Artist Charlie Edmiston Shares the Story Behind His Work
By LILY TINOCO | Reporter
Before the coronavirus pandemic upended the art world, Palisadian Charlie Edmiston had his first solo exhibition in Atlanta, Georgia, at A Better View Gallery, which featured his minimalist relief paintings in a display titled Carbon Copy.
The series of paintings were identical in design, but unique in both material and color used. According to a description of the exhibition, Edmiston used the concept of replication to ask an open-ended question, what is different and what is the same?
Edmiston has been creating art since he can remember. His grandmother was a cartoonist for a Beverly Hills newspaper up until a few months ago and his father is a talented calligrapher.
“I definitely had it in my blood,” he shared.
But in high school, Edmiston developed an interest in graffiti art and painting larger spaces. When he took on Palisades Charter High School’s end of the year project, his eyes went beyond the designated doors they were tasked with.
“There were already a couple of murals at Pali … but there was a giant walkway that goes down to the football stadium,” Edmiston recalled. “I asked if I could paint that as my end of the year project.”
So he prepared a proposal and met with the principal before receiving the green light and a small budget to paint a massive mural.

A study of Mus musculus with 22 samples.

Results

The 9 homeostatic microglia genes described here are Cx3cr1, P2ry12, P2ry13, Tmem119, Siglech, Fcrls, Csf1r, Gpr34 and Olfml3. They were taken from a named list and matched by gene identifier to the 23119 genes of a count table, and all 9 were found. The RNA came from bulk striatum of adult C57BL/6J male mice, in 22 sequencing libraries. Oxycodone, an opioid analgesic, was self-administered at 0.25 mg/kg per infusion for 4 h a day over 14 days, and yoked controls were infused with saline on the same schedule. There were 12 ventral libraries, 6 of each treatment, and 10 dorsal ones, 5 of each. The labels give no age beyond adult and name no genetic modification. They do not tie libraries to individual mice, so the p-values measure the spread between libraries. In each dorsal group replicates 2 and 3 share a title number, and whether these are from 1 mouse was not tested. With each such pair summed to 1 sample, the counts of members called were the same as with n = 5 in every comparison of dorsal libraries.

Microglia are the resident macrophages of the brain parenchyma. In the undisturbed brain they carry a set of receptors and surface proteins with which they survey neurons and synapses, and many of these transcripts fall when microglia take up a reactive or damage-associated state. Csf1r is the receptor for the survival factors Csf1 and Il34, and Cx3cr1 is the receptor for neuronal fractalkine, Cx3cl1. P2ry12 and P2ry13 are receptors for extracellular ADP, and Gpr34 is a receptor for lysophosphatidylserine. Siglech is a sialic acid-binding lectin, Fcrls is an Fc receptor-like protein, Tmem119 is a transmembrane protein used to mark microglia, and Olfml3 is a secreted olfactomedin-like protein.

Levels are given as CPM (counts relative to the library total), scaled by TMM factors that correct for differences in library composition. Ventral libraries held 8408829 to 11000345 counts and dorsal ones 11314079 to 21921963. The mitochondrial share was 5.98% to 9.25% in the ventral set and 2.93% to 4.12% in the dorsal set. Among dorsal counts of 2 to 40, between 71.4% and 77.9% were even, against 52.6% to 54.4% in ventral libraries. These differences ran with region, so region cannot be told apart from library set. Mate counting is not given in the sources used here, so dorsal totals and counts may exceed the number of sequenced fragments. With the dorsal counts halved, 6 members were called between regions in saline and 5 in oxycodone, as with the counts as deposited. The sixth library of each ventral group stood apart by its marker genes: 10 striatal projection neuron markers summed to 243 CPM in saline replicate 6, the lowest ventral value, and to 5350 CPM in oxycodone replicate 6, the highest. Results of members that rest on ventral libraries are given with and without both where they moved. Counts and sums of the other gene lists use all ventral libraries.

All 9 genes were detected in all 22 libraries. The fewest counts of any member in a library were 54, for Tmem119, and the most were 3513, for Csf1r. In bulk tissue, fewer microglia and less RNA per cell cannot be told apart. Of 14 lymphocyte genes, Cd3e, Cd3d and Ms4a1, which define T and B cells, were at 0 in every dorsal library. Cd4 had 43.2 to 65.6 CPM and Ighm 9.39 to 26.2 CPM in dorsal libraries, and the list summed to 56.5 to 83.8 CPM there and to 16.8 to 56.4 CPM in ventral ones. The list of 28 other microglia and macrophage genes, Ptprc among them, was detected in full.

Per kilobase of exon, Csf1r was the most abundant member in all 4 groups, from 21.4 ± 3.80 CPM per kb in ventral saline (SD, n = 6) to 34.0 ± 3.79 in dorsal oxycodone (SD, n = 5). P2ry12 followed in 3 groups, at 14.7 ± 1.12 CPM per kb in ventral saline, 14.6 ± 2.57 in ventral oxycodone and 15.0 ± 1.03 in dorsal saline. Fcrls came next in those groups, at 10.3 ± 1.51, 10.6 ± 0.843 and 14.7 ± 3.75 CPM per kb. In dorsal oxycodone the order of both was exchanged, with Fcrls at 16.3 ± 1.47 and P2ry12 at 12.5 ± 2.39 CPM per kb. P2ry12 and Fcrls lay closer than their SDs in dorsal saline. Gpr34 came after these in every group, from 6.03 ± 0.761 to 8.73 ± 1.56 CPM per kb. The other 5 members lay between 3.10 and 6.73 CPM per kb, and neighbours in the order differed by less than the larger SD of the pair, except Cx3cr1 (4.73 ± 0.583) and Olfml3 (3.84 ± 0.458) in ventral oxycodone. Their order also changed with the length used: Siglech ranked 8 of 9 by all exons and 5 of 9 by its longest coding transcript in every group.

“It was kind of this crazy thing that no one had seen or knew was coming,” he shared.
Edmiston graduated from Pali High in 2005, and over time, the murals were vandalized and painted over—but he left a legacy and inspired those after him to paint larger spaces across the campus.
By that time Edmiston knew that art was what he was ultimately going to pursue. He applied to art school and went on to earn a Bachelor of Fine Arts in painting from the Otis College of Art and Design in Los Angeles.
“When I was in high school and middle school and up until the beginning of college, I was doing representational work, oil portraits and painting representational things, and I was really inspired by surrealism—Dalí and that style,” Edmiston said. “And simultaneously, I was doing very colorful graphic graffiti on the side, completely separate from fine art.”
In 2006, Edmiston experimented and merged the two.
“What I found was I was really interested because I knew there were a million different places I could go from there,” he said. “So I just continued with that and I’ve never really looked back.”
Edmiston described his work now as non-representational, hard-edge and abstract.
For a long time, he would paint two-dimensional work on wood panels but has recently been exploring three-dimensional work and has been in an experimental phase.
Edmiston works with a gallery in Downtown LA, Avenue des Arts, and has an upcoming exhibit, tentatively scheduled for fall of this year.
For more information or to take a virtual tour of Carbon Copy, visit charliee.com.